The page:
Youth unemployment at 46 per cent: NSA

28 Mar 2019 19:10pm
WINDHOEK, 28 MAR (NAMPA) - Youth unemployment in Namibia stands at 46,1 per cent, up from the 43,4 per cent recorded in 2016, the Namibia Statistics Agency (NSA) has revealed in its 2018 Labour Force Survey Report.
The fifth report’s field work was conducted between September and October 2018.
Releasing the report here on Thursday, NSA Statistician General and Chief Executive Officer, Alex Shimuafeni said the 46,1 per cent represents people aged 15 to 34 as per the official definition of youth as recommended by the African Union for the purposes of international comparisons of labour statistics.
Shimuafeni said with regards to the economical age range of 19 to 34, unemployment stands at 44,8 per cent.
He said overall, unemployment decreased by 0,6 per cent from 34 per cent in 2016 to 33,4 per cent in 2018.
“The report also shows that a high proportion of our youths representing 34,9 per cent are not in Employment, Education or Training. All these indicators show that as a nation we still have a lot of work to do to reduce unemployment, especially among the youth population,” said Shimuafeni.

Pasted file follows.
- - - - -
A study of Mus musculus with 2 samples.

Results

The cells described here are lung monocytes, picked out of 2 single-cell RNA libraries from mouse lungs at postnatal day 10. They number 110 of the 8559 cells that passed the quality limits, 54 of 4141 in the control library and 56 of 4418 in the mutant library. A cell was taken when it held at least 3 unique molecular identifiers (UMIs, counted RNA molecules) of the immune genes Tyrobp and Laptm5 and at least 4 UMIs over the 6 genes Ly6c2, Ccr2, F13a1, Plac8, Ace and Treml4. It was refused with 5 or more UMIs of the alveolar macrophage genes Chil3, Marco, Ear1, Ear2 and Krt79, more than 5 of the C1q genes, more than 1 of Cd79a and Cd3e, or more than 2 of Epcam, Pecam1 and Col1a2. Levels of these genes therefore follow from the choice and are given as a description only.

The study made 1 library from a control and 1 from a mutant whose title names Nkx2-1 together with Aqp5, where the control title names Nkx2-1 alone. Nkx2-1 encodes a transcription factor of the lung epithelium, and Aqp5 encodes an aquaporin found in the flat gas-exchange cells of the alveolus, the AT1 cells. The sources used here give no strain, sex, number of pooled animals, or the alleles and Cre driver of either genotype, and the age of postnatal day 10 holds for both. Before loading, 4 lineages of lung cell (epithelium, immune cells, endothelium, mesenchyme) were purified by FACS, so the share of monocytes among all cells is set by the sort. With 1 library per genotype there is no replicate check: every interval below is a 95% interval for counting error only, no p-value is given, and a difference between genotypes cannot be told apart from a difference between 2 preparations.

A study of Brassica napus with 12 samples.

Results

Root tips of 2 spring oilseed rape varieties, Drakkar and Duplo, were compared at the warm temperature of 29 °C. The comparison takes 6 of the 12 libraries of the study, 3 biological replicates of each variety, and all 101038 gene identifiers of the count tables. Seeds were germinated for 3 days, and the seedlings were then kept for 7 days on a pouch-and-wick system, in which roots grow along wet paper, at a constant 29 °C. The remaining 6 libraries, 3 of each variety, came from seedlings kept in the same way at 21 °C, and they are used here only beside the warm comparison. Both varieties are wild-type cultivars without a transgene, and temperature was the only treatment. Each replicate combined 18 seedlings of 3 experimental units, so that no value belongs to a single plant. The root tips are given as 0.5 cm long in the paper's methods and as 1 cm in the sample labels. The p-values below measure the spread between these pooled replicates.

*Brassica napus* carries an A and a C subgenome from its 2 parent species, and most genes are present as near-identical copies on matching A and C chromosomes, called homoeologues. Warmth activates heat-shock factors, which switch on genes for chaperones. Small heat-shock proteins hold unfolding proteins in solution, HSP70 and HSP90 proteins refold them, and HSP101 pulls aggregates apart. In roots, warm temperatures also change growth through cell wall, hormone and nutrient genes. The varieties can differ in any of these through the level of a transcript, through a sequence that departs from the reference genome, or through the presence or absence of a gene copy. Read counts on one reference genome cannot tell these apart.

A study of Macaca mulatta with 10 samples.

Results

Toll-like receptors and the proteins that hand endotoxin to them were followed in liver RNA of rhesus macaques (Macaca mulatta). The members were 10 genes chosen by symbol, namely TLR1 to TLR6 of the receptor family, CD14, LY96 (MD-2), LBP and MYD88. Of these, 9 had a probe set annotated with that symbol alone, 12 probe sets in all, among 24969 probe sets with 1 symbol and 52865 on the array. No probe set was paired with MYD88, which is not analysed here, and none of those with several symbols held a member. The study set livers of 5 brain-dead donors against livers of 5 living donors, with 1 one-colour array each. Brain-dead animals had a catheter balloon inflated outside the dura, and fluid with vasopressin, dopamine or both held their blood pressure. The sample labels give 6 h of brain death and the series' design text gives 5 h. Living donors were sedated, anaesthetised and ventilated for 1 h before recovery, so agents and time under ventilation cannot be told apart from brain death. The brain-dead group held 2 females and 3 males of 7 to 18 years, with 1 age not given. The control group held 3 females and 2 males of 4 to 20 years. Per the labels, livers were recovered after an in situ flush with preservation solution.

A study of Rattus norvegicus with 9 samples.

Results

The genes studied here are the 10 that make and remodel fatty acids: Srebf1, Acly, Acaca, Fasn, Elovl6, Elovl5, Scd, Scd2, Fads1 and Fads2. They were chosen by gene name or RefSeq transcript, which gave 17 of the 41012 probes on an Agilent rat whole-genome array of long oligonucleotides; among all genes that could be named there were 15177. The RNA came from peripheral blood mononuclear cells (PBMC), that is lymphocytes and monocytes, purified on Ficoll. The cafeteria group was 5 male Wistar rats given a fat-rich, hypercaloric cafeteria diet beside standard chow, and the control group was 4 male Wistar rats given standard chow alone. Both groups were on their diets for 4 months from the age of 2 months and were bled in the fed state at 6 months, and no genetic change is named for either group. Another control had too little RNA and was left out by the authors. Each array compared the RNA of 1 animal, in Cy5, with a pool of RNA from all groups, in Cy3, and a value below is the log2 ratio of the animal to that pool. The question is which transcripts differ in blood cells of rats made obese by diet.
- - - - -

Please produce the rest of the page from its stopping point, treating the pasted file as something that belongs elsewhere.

He further noted that there is a significant increase in female employment, with 318 615 women employed in 2016 compared to 364 834 in 2018. With regards to male employment there was a slight increase, with 358 270 men employed in 2016 and 361 508 employed in 2018.
Urban employment remained static between 2016 and 2018, whilst the rural indicators show an increase from 261 707 to 310 154.
“Employed population by industry between 2016 and 2018 in some sectors like construction, mining, manufacturing and administration recorded a decline whilst agriculture, wholesale and retail trade and accommodation recorded some gains over the two-year period,” Shimuafeni said.
The survey also analysed salaries and found that the average salary in Namibia is around N.dollars 7 935 per month. It also showed that men still earn higher salaries than women.
It was also found that 57,7 per cent of Namibians are employed in the informal sector, which means their employer does not provide a pension scheme, medical aid or social security.
“The report also provides unemployment figures per region and shows that Namibia still has very high unemployment in the Kavango East, Kunene, Omaheke and Zambezi Regions,” Shimuafeni said.